Go Back
loin back ribs recipe

Baby Back Ribs Recipe

Print Pin
Course: Main Course
Cuisine: American
Keyword: baby back ribs
Cook Time: 3 hours
Resting Time: 15 minutes
Total Time: 3 hours 15 minutes


  • Smoker
  • Charcoal briquettes
  • Charcoal chimney starter and firelighter
  • Butter knife, spoon and/or tablespoon/teaspoon
  • A container to store ribs overnight
  • Sharp knife
  • Grinder and/or pestle and mortar
  • Small saucepan
  • Basting brush
  • Butcher paper
  • Cherry wood chunks


  • 1 rack Baby back ribs

Dry Rub

  • 1 Tbsp Kosher salt
  • 1 Tbsp Zanzibar black peppercorns


  • 1 Cup Sticky Fingers Carolina Sweet Barbecue Sauce
  • 1/4 Cup Yes, Dear Red Sauce


  • Remove the baby back ribs from the vacuum packaging and discard it in the trash.
    1 rack Baby back ribs
  • Don't rinse the meat in the sink. Pat dry with paper towels.
  • Remove the membrane using a butter knife to lift and a spoon to further lift the membrane until you reach the other side. Then use your paper towel to grip and rip the membrane away from the bones.
  • Use a grinder or pestle and mortar to create a coarse grind for your kosher salt and peppercorns. I only use 1 Tablespoon of Kosher salt and 1 Tablespoon of Zanzibar black peppercorns for both the meat-side and bone-side of the ribs.
    1 Tbsp Kosher salt, 1 Tbsp Zanzibar black peppercorns
  • Put the ribs in a storage container or on a serving tray covered with saran wrap. Put in the refrigerator overnight to dry-brine.

Smoking the Baby Back Ribs

  • Take the baby back ribs out of the refrigerator and allow them to come up in temperature.
  • I use my Pit Barrel Cooker with charcoal briquettes to smoke pork ribs. Start with a half basket of unlit charcoal and then use your charcoal chimney to light 10-15 briquettes. Once the lit charcoal has ashed over, put the lit charcoal on the unlit charcoal. Put the basket in the pit barrel cooker with the basket towards the back of the barrel, leaving a gap between the intake damper and the basket.
  • Allow the smoker to come up in temperature and for the coals to ignite. During this process you might see a lot of white smoke. This will dissipate as the heat builds. Wait until there is thin blue smoke.
  • Once the smoker puts out thin blue smoke. Add two hardwood chunks of your favorite hardwood. I prefer to use cherry wood for it's sweet smoke.
  • With the ribs, identify which side is thinnest and count 2 ribs towards the center. With your meat hook, put it between the 2nd and 3rd rib bone.
  • Bring the ribs outside and hang from the rebar. Again, ensure that the ribs hang over the gap you created between the intake damper and the charcoal basket.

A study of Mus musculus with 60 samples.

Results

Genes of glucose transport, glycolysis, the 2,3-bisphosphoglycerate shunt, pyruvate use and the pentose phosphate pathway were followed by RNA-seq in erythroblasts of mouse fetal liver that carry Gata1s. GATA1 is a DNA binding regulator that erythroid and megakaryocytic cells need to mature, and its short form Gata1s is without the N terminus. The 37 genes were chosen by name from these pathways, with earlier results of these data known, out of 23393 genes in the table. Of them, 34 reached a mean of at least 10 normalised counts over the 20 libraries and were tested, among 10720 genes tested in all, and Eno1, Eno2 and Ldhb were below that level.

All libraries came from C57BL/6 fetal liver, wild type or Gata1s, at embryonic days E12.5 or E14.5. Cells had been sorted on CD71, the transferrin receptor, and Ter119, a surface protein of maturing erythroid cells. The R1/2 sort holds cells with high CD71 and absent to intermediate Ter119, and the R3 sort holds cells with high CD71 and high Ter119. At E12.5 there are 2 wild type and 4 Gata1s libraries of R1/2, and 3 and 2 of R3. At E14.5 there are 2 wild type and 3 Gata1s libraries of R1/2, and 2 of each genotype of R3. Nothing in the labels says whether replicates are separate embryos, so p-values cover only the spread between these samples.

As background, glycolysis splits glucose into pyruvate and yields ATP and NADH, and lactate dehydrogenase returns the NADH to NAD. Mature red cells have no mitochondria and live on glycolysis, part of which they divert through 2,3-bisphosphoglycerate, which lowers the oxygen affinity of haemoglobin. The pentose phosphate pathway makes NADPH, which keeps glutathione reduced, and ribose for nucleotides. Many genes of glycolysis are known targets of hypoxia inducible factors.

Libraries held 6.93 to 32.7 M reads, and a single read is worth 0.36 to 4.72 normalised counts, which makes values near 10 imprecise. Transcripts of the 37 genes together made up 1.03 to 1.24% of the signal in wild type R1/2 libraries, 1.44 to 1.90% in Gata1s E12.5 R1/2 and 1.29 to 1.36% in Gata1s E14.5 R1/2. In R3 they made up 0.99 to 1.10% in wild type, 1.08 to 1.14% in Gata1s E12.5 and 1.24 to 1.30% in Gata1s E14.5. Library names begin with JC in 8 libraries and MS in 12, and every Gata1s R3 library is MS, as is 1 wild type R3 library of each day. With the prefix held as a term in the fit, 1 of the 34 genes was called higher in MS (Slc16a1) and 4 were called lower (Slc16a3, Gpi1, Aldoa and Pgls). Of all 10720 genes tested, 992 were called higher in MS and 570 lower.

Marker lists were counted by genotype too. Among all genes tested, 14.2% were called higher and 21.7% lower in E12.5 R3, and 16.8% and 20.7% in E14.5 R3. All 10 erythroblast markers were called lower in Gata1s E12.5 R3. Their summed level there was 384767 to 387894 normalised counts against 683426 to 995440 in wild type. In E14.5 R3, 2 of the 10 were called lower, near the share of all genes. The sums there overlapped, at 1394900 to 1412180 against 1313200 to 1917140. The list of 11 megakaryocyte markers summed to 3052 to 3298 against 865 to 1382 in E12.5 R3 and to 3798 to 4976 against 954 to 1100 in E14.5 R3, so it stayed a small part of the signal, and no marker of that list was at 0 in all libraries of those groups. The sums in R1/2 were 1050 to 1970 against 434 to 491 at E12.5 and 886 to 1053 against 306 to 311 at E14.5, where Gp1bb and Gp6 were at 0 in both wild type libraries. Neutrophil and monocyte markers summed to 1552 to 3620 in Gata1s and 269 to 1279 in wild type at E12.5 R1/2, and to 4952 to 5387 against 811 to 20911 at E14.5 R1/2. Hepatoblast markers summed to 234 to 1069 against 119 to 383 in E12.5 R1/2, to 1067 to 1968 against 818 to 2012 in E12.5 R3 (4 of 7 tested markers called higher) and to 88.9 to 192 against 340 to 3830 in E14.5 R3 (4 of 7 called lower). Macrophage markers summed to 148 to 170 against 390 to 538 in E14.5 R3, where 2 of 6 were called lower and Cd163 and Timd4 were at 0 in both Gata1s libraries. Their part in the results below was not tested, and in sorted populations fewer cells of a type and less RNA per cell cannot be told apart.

• After one hour of smoking, spritz the surface of the ribs with water. Put back on the smoker. At this point, every 30 minutes you should be spritzing with water until you reach a desired color. This process took me another hour.
  • At this point you can wrap the ribs. I prefer to use butcher paper in order to preserve the bark as much as possible. Lay out two sheets of butcher paper and overlap them in the center. Spritz the paper with water and put the ribs meat-side down on the paper. Put grill grates on the PBC. Put the ribs back on the smoker meat side down (facing the fire).
  • After 30 minutes start to check doneness. I usually use the twist/tear method with a center bone to see if the meat is pulling away from the bone. However, using a temperature probe to poke between the bones works best. If it feels like you're sliding through hot butter, they're done. The finish temperature is usually between 195 - 205F. This process took another hour for a total cook time of 3 hours.
  • Bring inside to rest for 15 minutes.

Saucing the Ribs

  • In a small/medium saucepan, combine 1 cup of Sticky Fingers Carolina Sweet and 1/4 cup of Yes, Dear vinegar sauce.
    1 Cup Sticky Fingers Carolina Sweet Barbecue Sauce, 1/4 Cup Yes, Dear Red Sauce
  • Once the sauce has incorporated and is up in temperature, pour some sauce over the surface of the ribs and use a basting brush to spread it out evenly.


While this recipe uses the Pit Barrel Cooker, this process is essentially the same across all charcoal smokers. The only difference is that the PBC doesn't have to monitor a temperature due to how the convection works. If you're using a Weber kettle or similar smoker, you should maintain between 225 - 250F.